Assange’s prosecutor has not done anything in 4 years – WikiLeaks spokesperson
Assange’s lawyers appealed to Sweden’s Supreme Court on Wednesday, arguing that the “severe limitations” on his personal freedoms are disproportionate to the case levied against him.
Assange has resided within the Ecuadorian embassy in London for over two years while awaiting safe passage to South America, where he has been granted asylum. The WikiLeaks editor has not been charged with a crime, but is wanted for questioning regarding the allegations of sexual misconduct levied against him in Sweden in 2010.
Assange managed to secure political asylum in the face of a US criminal investigation against his organization two years ago.
If he is deported to Sweden, he will likely also be extradited to the US, where he will face espionage charges over his role in publishing sensitive, classified government documents.
RT:It's the final appeal, right? If the court dismisses it again – it's over, isn't it?
Kristinn Hrafnsson: It's not really over, because there’s always the European Court of Human Rights, and indeed Julian’s lawyers in Sweden have broadened the scope of their arguments and their appeals for the Supreme Court in Sweden by including protocols and judgments from the European Court for Human Rights, so they are quite certain they have a very solid case there.
RT:Is there anything that makes you optimistic that he might actually win this appeal?
KH: I always try to be optimistic, and if you look at the merits of the law and the arguments, you must see that this is an absolute ridiculous situation to keep this going for so long. And there will be more and more people in Sweden and in the legal community who agree with that. Just recently, the head of the Swedish Bar Association called this impasse “a circus,” and I agree with that. I also agree with the president of the Supreme Court in Sweden, who said two years ago while speaking in Australia that this case was “a mess,” and that it should be resolved. And this is now in the hands of the Supreme Court in Sweden, and let’s hope that this will come to an end – this shameful chapter in Sweden's history of human rights.
RT:We’re also crossing our fingers for Julian. If it doesn’t go through, what options are there? Other than the European Court of Human Rights?
KH: We are still at this impasse...it’s now 1,500 days in pre-trial detention, practically, and 1,000 days in the Ecuadorian Embassy...We must hope that common sense and justice will prevail in the end.
RT:People tend to get immune to stories like this; they’re so fascinating, so highly supported in the beginning...Have you found that as the years go on, less people are talking about Julian Assange?
KH: Less journalists might be talking about Julian Assange, but I don’t find that among the general public. And it’s interesting, actually, that in Sweden there has been a total change in the atmosphere. I mentioned the Swedish law community, which has become very outspoken against the way the authorities and the prosecutor has handled the case. And I also see that the Swedish press has started to actually look into the case and has started screaming with loud and empty headlines. [With] the general public, there is understanding now that this is an absolutely ridiculous scenario that has to come to an end.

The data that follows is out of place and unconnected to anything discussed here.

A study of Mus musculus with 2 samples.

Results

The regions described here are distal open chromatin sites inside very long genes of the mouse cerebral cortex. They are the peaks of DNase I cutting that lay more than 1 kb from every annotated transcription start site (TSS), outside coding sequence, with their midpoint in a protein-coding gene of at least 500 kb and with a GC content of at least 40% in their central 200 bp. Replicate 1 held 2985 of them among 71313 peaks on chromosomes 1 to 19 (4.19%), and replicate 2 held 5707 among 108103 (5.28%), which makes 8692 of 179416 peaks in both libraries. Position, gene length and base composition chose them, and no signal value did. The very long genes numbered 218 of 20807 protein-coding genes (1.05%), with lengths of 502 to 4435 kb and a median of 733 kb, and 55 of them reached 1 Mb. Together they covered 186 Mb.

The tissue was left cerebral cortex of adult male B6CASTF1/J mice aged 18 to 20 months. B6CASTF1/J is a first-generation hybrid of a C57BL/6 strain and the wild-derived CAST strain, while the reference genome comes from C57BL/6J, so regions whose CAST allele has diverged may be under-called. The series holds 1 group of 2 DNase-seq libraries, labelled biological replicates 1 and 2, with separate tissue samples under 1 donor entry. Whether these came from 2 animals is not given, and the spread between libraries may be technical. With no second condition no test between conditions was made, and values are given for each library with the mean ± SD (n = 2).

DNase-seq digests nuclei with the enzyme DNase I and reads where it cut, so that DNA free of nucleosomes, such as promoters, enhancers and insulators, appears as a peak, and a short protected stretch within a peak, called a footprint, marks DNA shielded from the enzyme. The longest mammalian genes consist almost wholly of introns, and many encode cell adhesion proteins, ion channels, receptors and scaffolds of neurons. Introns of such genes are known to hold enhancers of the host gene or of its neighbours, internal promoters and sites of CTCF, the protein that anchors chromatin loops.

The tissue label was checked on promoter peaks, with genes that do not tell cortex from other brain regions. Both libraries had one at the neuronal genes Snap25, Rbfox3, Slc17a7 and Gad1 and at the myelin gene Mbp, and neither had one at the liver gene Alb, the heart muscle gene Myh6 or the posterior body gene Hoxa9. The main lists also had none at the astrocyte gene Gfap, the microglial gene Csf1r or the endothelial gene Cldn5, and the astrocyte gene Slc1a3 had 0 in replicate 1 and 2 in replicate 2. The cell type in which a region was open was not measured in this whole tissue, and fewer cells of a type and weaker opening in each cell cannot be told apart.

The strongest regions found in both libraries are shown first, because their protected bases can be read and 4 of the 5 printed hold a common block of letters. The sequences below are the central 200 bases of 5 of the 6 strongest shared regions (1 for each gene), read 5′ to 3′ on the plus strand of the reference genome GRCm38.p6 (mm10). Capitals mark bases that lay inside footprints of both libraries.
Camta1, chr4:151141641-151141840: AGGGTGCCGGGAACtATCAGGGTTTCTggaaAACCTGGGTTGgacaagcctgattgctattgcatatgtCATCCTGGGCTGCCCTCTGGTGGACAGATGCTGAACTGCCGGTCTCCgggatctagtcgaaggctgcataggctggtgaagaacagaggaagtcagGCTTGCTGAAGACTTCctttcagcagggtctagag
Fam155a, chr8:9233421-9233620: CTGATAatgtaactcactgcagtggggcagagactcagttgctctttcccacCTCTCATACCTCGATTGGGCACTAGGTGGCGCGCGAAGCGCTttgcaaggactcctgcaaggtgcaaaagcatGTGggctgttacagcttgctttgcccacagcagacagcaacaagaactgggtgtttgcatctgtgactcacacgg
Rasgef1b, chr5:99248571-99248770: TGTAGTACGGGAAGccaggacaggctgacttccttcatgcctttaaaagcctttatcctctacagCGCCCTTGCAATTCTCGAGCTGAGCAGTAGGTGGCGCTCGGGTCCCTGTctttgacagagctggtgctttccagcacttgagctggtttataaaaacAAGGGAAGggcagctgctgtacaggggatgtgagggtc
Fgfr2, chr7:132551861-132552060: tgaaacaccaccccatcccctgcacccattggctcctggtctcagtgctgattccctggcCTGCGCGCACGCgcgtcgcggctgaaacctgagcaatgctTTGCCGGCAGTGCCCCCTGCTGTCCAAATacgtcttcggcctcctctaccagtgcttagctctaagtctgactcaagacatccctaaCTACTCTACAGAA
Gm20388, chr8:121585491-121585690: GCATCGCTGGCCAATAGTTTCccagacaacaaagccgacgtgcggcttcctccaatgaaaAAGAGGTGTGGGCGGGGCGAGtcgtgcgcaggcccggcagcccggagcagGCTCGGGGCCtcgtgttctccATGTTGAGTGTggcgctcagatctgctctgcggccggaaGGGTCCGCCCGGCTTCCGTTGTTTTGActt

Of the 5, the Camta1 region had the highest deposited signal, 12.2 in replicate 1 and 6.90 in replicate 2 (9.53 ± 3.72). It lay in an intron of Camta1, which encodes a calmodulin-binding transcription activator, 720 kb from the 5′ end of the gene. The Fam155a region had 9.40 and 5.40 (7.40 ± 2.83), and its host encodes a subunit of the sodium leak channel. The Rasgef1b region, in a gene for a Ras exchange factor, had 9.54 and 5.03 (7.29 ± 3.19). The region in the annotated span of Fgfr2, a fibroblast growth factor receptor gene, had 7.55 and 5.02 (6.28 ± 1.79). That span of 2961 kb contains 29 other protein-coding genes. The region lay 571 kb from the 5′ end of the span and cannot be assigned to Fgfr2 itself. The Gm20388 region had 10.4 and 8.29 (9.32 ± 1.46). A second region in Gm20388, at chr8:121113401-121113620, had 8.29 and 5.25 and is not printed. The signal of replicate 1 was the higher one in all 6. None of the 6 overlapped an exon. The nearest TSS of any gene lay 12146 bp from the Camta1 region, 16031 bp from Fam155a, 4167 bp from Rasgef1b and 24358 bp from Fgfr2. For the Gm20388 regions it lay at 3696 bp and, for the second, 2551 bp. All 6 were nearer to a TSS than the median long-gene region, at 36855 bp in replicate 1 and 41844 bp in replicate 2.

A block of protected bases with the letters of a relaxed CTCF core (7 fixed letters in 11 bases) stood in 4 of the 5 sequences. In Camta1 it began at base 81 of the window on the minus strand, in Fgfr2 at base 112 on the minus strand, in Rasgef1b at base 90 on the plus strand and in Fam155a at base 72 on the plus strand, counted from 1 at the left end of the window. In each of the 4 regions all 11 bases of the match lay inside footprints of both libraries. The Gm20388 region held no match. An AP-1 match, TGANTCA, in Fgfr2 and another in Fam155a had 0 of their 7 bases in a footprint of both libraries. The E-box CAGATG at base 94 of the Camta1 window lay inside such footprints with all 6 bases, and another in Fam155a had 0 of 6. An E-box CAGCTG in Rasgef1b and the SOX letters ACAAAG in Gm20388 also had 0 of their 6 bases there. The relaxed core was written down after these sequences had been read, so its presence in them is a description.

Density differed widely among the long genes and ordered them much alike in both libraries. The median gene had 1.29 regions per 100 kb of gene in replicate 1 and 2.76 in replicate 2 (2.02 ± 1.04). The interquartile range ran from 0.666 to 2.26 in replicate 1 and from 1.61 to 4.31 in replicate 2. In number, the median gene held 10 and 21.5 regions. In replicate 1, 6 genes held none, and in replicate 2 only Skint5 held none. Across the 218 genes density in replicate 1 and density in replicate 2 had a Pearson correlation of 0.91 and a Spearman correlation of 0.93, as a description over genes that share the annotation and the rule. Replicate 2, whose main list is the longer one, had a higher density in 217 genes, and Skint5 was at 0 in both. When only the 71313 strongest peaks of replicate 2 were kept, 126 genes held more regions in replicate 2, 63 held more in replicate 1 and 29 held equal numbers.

RT:There are so many leaks that have been exposed just recently by the Guardian and Al Jazeera. It seems like this is becoming an average thing nowadays. Is that going to make Assange perhaps less of a threat to the United States?
KH: He, of course, is not a threat to the United States; he is a threat to corrupt authority – that is the only threat there is within WikiLeaks. We are seeing more and more leaks.
RT:They see him as a traitor, as a threat to their national security. So why are we going to see him becoming less of a threat...?
KH: I think that people are beginning to understand the importance of knowing the facts and the truths – and hence more and more leaks...Since [2010 and 2011] we are seeing more and more leaks, and people are getting more responsive to the fact that the whistleblowers and journalists and publishers who are facilitating them with the truth are extremely important. Let’s hope that little by little, that understanding will get to the top of the power structure in Washington and elsewhere.
RT:I think it will be somewhat of a miracle that the Swedish court goes ahead and grants this appeal. You seem to be very optimistic, and I respect that – but I’m a little bit more skeptical about that. But does it mean that if it’s dropped, Julian walks out of the embassy?
KH: The issue, of course, is that the British authorities have said that they would not let him go even if that arrest was in its drops, so we have to cross that bridge when we get there. I am optimistic for many reasons, because I’ve been looking into the case and the actual merit of the case. Let’s also not forget that one of the chords in the Court of Appeal – even though they ruled not in Julian’s favor in November – one of the judges said that it would be extremely hard for the prosecutor not to lose the case in the Supreme Court. If the prosecutor would not break the impasse and move the case forward, there is a duty on the prosecution to move a case forward, and the prosecutor in this case has not done anything since then – not anything in four years, in fact.